After playing soccer together for years, the three Spartans' dream of possibly squaring off against each other in college some day.
"That'd be fun to see each other [at the NCAA tournament]," Meeker said.
Not everything went as planned for Canatta and Bagramyan, who grew up dreaming of playing on the same team in college. They both toured Long Island University together, but in the end, parting ways was inevitable because Hartford just felt right to Canatta.
"It's really how you feel when you get there. I felt really welcomed and I just want to be there," he said.
Meeker and Bagramyan echoed Canatta's sentiments, saying it was the feel of the college and the people associated with their respective universities that led them to their decisions.
Canatta and Meeker, a talented forward duo, are keys to La Cañada's high-powered offense. Canatta has a team-high 55 points (20 goals and 15 assists) and Meeker isn't far behind with 54 (20 goals, 14 assists). Bagramyan, a defender, has five assists and a goal so far this season.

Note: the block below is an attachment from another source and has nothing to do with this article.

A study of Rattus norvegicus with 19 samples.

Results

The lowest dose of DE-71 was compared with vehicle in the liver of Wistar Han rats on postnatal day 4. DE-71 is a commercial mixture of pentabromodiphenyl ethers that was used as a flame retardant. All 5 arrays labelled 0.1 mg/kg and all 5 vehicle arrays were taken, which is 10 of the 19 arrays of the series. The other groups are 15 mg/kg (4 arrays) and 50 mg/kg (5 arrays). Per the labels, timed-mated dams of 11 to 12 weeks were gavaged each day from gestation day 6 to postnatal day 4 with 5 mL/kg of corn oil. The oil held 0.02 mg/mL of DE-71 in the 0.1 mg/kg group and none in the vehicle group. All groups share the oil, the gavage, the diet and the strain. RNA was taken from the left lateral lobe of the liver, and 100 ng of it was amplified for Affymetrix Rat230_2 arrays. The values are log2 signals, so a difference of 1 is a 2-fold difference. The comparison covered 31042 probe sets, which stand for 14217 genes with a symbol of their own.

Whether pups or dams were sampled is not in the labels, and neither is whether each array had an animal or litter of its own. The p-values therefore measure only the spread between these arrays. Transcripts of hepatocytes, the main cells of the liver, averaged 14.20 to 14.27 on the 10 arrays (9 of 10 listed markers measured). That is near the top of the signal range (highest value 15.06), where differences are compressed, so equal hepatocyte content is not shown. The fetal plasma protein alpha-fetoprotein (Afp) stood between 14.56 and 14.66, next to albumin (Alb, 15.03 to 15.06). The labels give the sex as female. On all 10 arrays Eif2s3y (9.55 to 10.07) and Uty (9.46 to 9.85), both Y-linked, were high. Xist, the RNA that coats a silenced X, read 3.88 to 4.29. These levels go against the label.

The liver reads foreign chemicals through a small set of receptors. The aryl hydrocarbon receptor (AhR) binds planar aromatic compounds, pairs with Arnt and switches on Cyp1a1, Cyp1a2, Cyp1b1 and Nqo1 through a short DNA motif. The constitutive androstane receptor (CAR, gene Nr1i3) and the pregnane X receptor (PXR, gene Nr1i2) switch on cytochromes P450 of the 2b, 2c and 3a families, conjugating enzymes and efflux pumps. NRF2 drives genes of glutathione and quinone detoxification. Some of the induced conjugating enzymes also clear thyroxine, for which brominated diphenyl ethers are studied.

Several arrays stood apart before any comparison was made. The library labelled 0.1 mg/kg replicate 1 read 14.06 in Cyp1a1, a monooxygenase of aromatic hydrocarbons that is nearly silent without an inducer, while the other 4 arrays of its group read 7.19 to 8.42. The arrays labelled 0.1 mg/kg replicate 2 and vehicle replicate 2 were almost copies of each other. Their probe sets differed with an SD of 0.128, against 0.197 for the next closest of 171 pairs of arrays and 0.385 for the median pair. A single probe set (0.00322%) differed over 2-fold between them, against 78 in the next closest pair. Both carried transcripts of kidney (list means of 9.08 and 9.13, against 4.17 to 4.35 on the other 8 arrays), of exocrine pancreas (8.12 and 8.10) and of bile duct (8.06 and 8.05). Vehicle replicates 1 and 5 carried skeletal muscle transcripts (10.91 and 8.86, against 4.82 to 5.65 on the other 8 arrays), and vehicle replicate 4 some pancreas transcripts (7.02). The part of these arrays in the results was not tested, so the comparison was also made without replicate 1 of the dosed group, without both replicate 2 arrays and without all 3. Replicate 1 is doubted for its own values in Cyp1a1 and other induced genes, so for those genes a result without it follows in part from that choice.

Each player found a school that is good fit for them, and each has plenty to offer at the next level, said La Cañada Coach Barry Ritson, who has coached all three players for nearly five years.
"[Bagramyan] can attack and defend," Ritson said. "He's got a great engine, gets up and down the field and is courageous. He'll have some challenges when he plays at the next level that I'm sure he'll embrace and work hard at."
Both Canatta and Meeker are athletes who can make an immediate impact in college, Ritson said.
"If you're struggling to get a goal and you need that little bit of spark, you have a young, exciting freshman [in Canatta]. He'll come off the bench and contribute in his first year," he said.
Ritson said Meeker has his share of positive attributes, and the coach thinks he will also do will at the next level.
"He's a big, strong kid that makes it stick. He brings other kids into the play and scores his fair share of goals," Ritson said.
Ritson hopes he's made the transition from high school to college easy for his players.
"When the college coaches get them, I want them to say these kids are being coached well, they work hard and they can contribute," Ritson said. "If they can say that, then I've done my job. Now it's up to the boys to go to the next level."